The average racehorse weighs just over 1,000 pounds, and all that body mass is supported by four tiny hooves. This means keeping your horse’s feet healthy is essential for its overall performance. Unfortunately, some horses are genetically prone to hoof issues. This doesn’t mean these animals are down for the count, but they do need a little extra care. Here’s a brief guide to helping equines with bad feet:
Foot bruises are the most common type of hoof-related lameness. Horses with flat feet or thin soles are more prone to the condition, but even those with the healthiest hooves suffer bruises if introduced to a new environment. Keep this in mind if your animal is used to a grass pasture but will compete on a sand lot.
To prevent bruises, trim your horse’s feet on a regular basis. Your farrier can apply shoes specifically for thin soles if necessary. If you notice a bruise, try packing it with Finish Line’s Easy Pack.
The easiest hoof cracks to manage are sand and grass cracks. Sand cracks begin at the coronary band and travel down, while grass cracks run in the opposite direction. These are generally superficial and do not penetrate deep into the hoof wall. Bar cracks, heel cracks and toe cracks are more serious, while quarter cracks are the most difficult to manage.
“Serious cracks require clips, implants or wires and screws.”
If you notice your horse has superficial cracks in its hooves, have your farrier take a look during your next visit, or send them a picture with your smartphone. If the crack is infected, bleeds or causes lameness, seek treatment right away.
If the crack is small and shallow, trimming the hoof so the horse’s weight is evenly distributed will prevent further damage. Book time with your farrier, then wait for the hoof to grow out. Serious cracks, on the other hand, require clips, implants or wires and screws.
Keeping your horse on a set trimming schedule, cleaning the hoof on a daily basis and keeping your barn and pasture free of moisture and debris will prevent most cracks from forming. Additionally, Finish Line’s Horse Shoe promotes proper blood flow to the hoof, ensuring your animal’s feet get the necessary nutrients to grow strong and sturdy.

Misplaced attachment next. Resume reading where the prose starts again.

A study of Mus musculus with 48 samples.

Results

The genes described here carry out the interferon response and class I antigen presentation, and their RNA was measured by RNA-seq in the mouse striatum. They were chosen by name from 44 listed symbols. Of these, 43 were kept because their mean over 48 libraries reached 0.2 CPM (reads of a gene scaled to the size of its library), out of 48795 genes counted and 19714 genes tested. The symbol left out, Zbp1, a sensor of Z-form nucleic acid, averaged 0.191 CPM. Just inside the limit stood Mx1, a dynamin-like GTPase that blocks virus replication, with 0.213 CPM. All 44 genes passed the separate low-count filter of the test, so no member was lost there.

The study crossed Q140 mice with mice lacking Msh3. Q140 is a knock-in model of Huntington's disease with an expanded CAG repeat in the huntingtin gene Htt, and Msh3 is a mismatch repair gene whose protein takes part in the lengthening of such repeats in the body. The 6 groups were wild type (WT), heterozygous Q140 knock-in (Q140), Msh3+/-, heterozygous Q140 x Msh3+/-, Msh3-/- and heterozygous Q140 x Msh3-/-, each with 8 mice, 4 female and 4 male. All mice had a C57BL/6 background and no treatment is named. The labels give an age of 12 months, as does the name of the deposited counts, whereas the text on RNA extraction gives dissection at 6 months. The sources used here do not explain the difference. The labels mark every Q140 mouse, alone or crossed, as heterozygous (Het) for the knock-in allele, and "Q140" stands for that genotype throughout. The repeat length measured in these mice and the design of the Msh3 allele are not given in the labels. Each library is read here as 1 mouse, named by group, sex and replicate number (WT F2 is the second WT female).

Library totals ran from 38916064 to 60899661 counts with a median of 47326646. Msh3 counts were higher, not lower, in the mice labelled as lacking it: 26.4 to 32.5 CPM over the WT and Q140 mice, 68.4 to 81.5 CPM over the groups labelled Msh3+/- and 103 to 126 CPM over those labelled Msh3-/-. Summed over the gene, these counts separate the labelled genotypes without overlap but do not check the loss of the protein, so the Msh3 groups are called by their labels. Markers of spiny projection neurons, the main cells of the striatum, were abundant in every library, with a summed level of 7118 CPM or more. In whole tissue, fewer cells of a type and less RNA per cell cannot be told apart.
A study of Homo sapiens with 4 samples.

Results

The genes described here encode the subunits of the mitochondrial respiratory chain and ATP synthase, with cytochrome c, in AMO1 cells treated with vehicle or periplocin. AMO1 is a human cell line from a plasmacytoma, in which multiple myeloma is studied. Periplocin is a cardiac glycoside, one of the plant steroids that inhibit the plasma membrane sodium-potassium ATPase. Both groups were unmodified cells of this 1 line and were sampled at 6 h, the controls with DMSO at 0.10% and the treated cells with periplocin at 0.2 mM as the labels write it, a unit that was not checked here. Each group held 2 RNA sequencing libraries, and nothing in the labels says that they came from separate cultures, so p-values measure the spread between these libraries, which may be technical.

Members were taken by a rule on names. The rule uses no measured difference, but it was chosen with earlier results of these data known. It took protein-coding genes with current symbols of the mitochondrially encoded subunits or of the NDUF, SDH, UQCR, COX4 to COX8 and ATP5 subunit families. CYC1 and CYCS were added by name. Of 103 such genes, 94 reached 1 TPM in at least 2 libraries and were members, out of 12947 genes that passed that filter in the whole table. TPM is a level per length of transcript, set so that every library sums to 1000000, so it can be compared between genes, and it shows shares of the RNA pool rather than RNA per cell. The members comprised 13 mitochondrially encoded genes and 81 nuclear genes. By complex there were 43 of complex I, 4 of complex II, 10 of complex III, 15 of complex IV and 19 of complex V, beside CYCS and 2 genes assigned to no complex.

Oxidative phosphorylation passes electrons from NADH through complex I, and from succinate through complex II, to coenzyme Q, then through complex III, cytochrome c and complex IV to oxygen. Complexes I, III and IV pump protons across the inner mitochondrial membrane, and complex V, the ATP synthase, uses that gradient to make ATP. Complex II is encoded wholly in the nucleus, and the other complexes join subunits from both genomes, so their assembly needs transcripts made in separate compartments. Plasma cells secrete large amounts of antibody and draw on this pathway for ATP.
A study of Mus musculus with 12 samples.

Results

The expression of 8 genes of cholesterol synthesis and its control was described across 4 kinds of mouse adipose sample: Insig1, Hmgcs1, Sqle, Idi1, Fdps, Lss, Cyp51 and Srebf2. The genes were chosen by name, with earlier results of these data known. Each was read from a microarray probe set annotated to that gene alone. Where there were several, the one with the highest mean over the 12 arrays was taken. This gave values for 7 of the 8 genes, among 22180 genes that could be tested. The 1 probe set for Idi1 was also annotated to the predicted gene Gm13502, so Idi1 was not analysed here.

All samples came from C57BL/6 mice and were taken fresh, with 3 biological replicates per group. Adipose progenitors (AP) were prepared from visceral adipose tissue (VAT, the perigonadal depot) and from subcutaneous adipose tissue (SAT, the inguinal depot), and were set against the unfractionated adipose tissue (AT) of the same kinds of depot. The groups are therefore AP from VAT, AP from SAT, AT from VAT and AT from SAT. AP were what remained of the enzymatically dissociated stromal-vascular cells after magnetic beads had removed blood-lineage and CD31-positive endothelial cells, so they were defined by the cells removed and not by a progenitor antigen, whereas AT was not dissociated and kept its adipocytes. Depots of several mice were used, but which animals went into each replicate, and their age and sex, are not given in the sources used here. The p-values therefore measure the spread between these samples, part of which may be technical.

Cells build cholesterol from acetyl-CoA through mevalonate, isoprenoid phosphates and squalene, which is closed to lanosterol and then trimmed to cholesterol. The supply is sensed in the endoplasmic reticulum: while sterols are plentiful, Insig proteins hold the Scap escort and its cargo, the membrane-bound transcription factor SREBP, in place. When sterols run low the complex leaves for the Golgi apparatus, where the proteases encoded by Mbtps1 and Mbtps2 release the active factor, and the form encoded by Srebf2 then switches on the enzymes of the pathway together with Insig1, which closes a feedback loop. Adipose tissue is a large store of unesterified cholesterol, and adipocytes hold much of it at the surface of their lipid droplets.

Excessive moisture is the most common culprit of thin walls, according to TheHorse.com. Too much water weakens the laminae, meaning the hoof can’t handle weight as well as it used to. As a result, the hoof wall chips and cracks. At the same time, some breeds like Thoroughbreds naturally have thinner walls than others.
Address thin walls by keeping your horse in a relatively dry environment and feeding it a nutrient-rich diet. Add equine supplements with omega-3 fatty acids if necessary. Finish Line’s Feet First Coat 2nd is a daily additive designed to support proper hoof health. Total Control includes all the separate ingredients of Feet First.
White line disease
Commonly referred to as seedy toe, white line disease is an infection that occurs when bacteria makes its way to the area where the hoof wall and lamina meet. Deprived of oxygen, the bacteria spread quickly. Aggressive trimming will cure minor cases, but serious infections must be exposed to air to kill the bacteria. In these cases, all of the affected area must be removed by your farrier or veterinarian, and the horse must be kept in a dry area to heal.
Horses with compromised immune systems can experience recurring cases of white line diseases even with successful treatment. According to Equine Wellness Magazine, these animals need a diet that improves their metabolism. Finish Line’s Stretch Run Plus was created to support a healthy metabolic process.